Submerge your datacenter

Fluid-submersion server cooling systems take a different approach to datacenter energy efficiency
Written by David Chernicoff, Contributor

While the topic of free air cooling and the multitude of methods that are being tried to find ways to cool datacenter servers at a minimal cost in power and impact on the environment gets the lion's share of public notice, it's not the only technique that's getting examined, especially since it requires a datacenter that was designed from the ground up or completely re-engineered in order to make use of environment cooling factors.

With what could be considered the flip-side of free air cooling, completely submerging your servers in dielectric fluid to provide a more temperature friendly environment is also being tried. Cooling electronics with dielectric fluid is not a new technology, but designing server racks that take advantage of the cooling properties of this environment is a new use for this established technology. Green Revolution Cooling (GRC) is one of the leaders in the effort to bring fluid-submersion technology to the mainstream datacenter.

While the basics of liquid cooling aren't new, what GRC is bringing to the table is a cost effective solution that is self-contained and can make use of standard rack mounted servers from any OEM. Their 100 kW 42U rack mount systems, called the CarnoJet system,  bear little resemblance to traditional server racks, however, and look more like the freezer cases you would have found in a 1950's supermarket, with the horizontal orientation necessary to keep the dielectric fluid covering the rack mounted equipment. And don't let the term "dielectric fluid" worry you that you will be spending money on some newfangled hi-tech liquid. It's fundamentally fragrance-free baby oil, which is probably the best known use of mineral oil.

The hook here is that standard OEM servers and blades can be deployed in this fashion, with only minimal prep work.  The most obvious is the removal of any system fans, which aren't needed by the submerged system (GRC provides fan emulators for systems that check on fan status for operation). This modification is also responsible for significant power savings, with GRC claiming that this modification alone can reduce the power use of the server by as much as 20%.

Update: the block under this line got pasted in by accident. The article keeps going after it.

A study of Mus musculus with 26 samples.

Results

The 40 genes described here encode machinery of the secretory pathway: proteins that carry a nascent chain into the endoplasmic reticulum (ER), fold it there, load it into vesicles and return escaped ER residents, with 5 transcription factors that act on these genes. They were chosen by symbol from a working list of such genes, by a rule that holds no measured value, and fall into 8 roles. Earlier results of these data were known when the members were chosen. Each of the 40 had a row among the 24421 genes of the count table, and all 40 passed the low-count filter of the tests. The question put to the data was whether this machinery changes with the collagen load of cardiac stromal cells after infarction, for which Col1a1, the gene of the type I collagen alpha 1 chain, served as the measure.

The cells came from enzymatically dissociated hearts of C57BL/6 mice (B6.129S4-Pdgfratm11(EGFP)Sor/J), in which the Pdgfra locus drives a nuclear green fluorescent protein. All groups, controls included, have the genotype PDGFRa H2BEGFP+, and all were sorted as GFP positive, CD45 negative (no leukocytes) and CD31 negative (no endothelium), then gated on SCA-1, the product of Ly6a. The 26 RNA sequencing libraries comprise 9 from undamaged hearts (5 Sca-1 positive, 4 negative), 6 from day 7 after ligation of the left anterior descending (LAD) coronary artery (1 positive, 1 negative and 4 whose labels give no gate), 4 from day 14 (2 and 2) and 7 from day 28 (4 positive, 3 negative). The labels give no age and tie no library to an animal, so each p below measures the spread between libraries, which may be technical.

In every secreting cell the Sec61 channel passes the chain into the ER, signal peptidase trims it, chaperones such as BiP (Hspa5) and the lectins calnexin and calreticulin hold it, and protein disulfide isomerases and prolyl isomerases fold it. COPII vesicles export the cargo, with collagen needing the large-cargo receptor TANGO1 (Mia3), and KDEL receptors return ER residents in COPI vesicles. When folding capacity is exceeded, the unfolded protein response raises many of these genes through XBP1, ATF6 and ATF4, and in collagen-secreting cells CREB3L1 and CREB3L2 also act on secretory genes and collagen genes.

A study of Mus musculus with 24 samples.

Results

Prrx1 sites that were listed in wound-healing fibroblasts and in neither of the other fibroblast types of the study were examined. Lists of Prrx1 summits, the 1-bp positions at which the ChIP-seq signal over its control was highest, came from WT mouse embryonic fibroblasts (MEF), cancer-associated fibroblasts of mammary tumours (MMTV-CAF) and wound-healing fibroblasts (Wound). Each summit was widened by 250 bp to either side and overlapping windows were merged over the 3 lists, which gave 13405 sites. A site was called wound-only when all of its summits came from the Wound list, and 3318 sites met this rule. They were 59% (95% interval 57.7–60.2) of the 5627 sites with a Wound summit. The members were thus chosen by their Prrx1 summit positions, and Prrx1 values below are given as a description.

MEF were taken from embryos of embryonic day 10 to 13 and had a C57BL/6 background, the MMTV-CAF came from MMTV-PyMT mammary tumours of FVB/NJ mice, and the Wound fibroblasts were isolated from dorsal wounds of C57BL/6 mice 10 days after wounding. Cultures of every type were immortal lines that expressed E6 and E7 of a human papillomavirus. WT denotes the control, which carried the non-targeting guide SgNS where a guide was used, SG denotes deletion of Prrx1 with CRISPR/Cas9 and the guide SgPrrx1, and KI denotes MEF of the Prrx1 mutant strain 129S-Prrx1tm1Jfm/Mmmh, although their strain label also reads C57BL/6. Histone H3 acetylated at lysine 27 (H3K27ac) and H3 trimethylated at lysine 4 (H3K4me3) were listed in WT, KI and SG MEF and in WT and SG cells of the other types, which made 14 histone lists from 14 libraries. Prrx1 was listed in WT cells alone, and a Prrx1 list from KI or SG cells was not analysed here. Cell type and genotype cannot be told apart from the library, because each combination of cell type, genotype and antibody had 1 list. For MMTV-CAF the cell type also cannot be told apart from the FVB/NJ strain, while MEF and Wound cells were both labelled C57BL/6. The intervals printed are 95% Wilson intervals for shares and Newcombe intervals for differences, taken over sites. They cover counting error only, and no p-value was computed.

The second requirement is that any hard drive in the server needs to be encapsulated, a process that GRC will perform that seals the drive and makes it air-tight. This is only necessary for rotating media, and SSDs are good to go as is. The last requirement is that the thermal grease between CPU/GPU and heat sink be removed and replaced by a piece of Indium foil. This is necessary because thermal grease is soluble in mineral oil and would, over time, dissolve. The soft foil replacement maintains the connection between processor and heat sink even when submerged.  GRC technicians are able to perform this entire process in less than 15 minutes per server in most cases.

For greenfield installations, GRC has been working with OEMs to build servers that are submersion cooling ready (SuperMicro showcased their version in an announcement last week).They told me that they have equipment onsite with at least two other OEMs at this time and are expecting additional partners to come onboard.

The complete solution includes a Pump Module for every four cooled racks; this module also contains an integrated radiator which is supplied only with evaluation units; all cooling is otherwise sized to customer requirements). The solution is customized for each facility to allow waste heat to be transferred outside the datacenter facility. A full solution will also include secondary containment to prevent any coolant spills from contamination the facility, and GRC also offers decommissioning services that completely remove the coolant from a facility that has elected to no longer use this solution.